You never know when rates will rise

October 8, 2009

David Kuo-David Kuo, Director at the financial website The Motley Fool. The opinions expressed are his own.-

Go on. Admit it. You didn’t see it coming, did you? You never thought a member of the G20 nations would dare to break ranks and raise interest rates this soon.

But Australia has done just that. The Central Bank of Australia has increased the cost of borrowing by 0.25 percent to 3.25 percent. It is doing what it thinks is right for the country regardless of what the rest may think. Now, Asian countries, keen to avert another bubble, may follow Australia’s lead and ratchet up interest rates before long.

Of course, Australia’s economy is vastly different to the UK’s. It has huge deposits of iron, aluminium and nickel that are in demand by mineral-hungry China. That said, Australia did briefly flirt with a downturn, which it successfully corrected with 21 billion pounds of fiscal stimulus.

But the UK is not Australia. We do not have huge deposits of mineral, and we are not near fasting-growing Asian countries either. What we do have are consumers saddled with over a trillion pounds of debt following a decade of binge borrowing, and a national debt burden of similar magnitude.
Therefore, it is unlikely that we will experience demand-led inflation. In fact, consumers are saving more of their household income than they have done for eight years.

The most recent Office for National Statistics report shows that between March and June British households saved 5.60 pounds out of every 100 pounds of household income. That is very different from the first three months of 2008 when we not only failed to save any money, but we even borrowed 50 pence for every 100 pounds of household income.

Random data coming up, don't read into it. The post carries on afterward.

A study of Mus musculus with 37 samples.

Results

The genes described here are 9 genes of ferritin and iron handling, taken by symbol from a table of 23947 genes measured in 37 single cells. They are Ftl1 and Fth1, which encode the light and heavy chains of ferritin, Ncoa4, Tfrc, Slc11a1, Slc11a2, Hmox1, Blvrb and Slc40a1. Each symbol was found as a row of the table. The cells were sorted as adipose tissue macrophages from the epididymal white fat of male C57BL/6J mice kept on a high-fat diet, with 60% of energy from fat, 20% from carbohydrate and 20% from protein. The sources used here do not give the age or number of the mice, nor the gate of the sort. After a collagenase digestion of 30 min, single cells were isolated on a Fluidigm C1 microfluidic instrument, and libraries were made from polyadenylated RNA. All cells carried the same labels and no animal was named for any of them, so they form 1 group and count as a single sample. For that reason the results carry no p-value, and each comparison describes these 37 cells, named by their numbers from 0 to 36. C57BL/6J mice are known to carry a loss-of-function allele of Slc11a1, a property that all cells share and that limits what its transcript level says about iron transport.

That said, we are still some way off getting our overstretched household finances back on an even keel. So, the savings ratio could go higher. In fact, it is still some way short of the long-run savings-ratio average of 8 percent of household income.

And herein lies the problem for the Bank of England.

According to the paradox of thrift, high levels of savings in a recession can prolong the economic downturn. That is because two-thirds of economic growth comes from consumer spending. So the less we spend, the longer it will take the UK economy to recover from the slump.
So what is the Monetary Policy Committee to do?

It has already slashed interest rates to historic lows. But that has failed to stimulate consumer spending. It has pumped 158 billion pounds of fresh money into the coffers of lenders through quantitative easing. But the money has, as yet, failed to invigorate the ailing economy.

However, both those measures will, in time, achieve their goals. The risk is not whether they will work, but instead, whether they will work too well and stoke inflation. Just as no one expected Australia to hike rates this soon, our days of enjoying low interest rates may end just as abruptly, and without warning. So save and invest what you can now.